Our best shrimp fly articles. You can see everything we have on shrimp here.
A Global FlyFisher theme page about how to tie the best shrimp fly patterns. All our best articles on shrimp fly patterns.
Having seen, tied and fished shrimp flies for many years, Martin feels a need to do a little lecture on the real appearance of shrimp, especially targeted at fly tyers.
There are thousands of shrimp patterns in the world, made from the same template. This pattern is a time consumer, but it makes it more interesting tying shrimp flies. The eyes, proportions and legs gives this pattern some kind of magic.
Shrimp flies are very much en vogue in the Baltic region, and keep on getting more and more complex. This one is simple and dead easy to tie - and still a very good imitation.
A realistic, perfect swimming shrimp imitation for both hot and cold water and a big variety of species.
The fly has many neat details and is a great upgrade from those quickly tied flies. It makes your fly box look great and keeps you away from the TV.
Another simple, three-material fly. This time a shrimp, well suited for seatrout and probably fine for a number of other saltwater species not least bonefish. Super simple to tie and with easily accessible and cheap materials.
As a Baltic sea trout angler you can never get enough shrimp patterns, and this one was tied as a result of access to some really fine mallard feathers.
The fly-tying market is brimming with prefabricated materials, and Danish Easy Shrimp Eyes is one of the companies who are making them. We have talked to the guys behind the products.
The Baltic seatrout community has been going berserk over a huge pink fly called the Pink Pig. I find that the Mini Pig is a more sensible alternative. This article covers two versions.
You have probably heard about and maybe even watched The Pink Panther. If so, you also know the soundtrack. Put that on and take a look to see what a Pink Pig is, and if it has anything in common with the panther or if there is more Miss Piggy in this fly tied for tarpon, bonefish and trout.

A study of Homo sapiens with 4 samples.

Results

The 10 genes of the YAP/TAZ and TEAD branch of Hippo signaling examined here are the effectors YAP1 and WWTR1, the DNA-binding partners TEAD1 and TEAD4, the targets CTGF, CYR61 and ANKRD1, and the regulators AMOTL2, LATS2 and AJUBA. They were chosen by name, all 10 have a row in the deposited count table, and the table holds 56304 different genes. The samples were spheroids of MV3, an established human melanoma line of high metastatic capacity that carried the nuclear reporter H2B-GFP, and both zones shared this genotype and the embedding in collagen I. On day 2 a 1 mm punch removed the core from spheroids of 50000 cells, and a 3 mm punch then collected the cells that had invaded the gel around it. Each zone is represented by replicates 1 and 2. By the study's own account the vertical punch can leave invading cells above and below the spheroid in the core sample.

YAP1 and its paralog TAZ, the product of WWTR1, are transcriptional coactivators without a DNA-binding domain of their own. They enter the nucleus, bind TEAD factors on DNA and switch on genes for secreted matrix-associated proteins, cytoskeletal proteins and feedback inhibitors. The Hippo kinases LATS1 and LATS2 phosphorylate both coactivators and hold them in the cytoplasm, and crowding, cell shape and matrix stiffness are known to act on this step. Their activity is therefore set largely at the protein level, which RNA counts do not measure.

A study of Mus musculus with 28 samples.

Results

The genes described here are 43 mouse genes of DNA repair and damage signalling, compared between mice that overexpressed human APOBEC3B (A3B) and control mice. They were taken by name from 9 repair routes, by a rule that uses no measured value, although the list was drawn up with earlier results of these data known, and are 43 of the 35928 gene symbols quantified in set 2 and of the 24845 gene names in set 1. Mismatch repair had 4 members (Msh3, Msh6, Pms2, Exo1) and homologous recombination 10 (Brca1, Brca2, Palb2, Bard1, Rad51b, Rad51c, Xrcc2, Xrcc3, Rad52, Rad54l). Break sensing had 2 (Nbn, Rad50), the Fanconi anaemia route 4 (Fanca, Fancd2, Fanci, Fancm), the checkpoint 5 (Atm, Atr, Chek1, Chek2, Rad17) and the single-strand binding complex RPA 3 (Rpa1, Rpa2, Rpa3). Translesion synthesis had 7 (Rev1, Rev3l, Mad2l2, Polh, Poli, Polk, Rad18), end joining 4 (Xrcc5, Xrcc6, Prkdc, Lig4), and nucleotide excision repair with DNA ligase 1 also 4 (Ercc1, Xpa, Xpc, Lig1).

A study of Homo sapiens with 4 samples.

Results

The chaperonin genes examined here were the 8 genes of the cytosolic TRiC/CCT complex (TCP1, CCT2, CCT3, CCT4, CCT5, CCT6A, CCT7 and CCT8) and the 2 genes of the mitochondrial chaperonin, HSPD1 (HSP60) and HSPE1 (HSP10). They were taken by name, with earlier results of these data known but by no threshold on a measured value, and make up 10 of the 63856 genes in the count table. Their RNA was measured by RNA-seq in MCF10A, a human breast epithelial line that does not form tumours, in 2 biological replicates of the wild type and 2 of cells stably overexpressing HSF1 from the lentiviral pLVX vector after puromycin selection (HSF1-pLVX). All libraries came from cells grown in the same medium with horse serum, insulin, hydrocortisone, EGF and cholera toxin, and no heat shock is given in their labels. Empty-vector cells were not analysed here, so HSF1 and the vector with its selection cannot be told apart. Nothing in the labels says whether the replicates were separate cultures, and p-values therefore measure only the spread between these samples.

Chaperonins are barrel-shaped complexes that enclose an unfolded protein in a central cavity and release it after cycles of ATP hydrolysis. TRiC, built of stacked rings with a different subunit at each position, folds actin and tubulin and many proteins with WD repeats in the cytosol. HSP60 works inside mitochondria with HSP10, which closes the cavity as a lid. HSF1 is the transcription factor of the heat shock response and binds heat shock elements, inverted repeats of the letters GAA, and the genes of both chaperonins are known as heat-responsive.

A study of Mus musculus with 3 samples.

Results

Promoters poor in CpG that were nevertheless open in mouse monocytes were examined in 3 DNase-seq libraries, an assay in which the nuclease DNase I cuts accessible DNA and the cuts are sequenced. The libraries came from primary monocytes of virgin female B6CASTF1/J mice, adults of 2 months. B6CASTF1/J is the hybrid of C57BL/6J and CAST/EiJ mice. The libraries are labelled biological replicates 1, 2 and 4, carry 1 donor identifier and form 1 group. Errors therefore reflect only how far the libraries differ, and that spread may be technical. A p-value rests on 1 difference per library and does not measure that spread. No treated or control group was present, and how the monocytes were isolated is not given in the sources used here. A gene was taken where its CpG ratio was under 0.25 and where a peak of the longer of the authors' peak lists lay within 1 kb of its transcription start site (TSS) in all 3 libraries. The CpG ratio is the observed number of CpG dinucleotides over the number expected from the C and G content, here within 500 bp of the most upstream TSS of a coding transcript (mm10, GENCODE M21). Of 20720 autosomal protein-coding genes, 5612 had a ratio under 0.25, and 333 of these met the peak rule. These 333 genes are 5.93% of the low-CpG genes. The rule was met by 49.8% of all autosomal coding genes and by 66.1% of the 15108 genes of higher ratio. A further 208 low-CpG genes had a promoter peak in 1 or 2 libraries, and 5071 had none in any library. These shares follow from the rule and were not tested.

The Killer Shrimp hardly looks like anything. It's gray and translucent, sparsely dressed and inconspicuous. But it catches fish. It's a great fly for those bright and calm days where sea trout seem to be unwilling to take any fly.
This is a fairly complex shrimp pattern, a little difficult to tie, but also durable. It fishes upside down and is tied by Danish Mads Schmidt who has had great success with the fly.
An imitation well suited for inshore fishing.
A killer fly in the right hands on a cold winter day. A very simple shrimp pattern for Danish sea trout and many other targets.
Chris Edghill writes: "Fascinating to see how they worked together, one would dive in between the rocks and sea grass, completely burying itself and the others just milled around waiting for a shrimp to dart out from it's hiding place where it would be quickly devoured."
A simple shrimp pattern that does not use the popular but expensive Spey hackle
Matching the hatch is rarely the item when fishing for sea trout in the ocean. The fish are rarely selective and you're sometimes surprised by which flies they are willing to take. But on a few occasions it can be important to imitate the small animals eaten by the trout.
Bob Kenly takes a turn with some tubes from the Canadian Tube Fly Company and converts a traditional Irish fly into something... let's just say not as traditional. So Chris's Irish Shrimp turned into Great Lakes Orange, a steelhead pattern tied on a tube.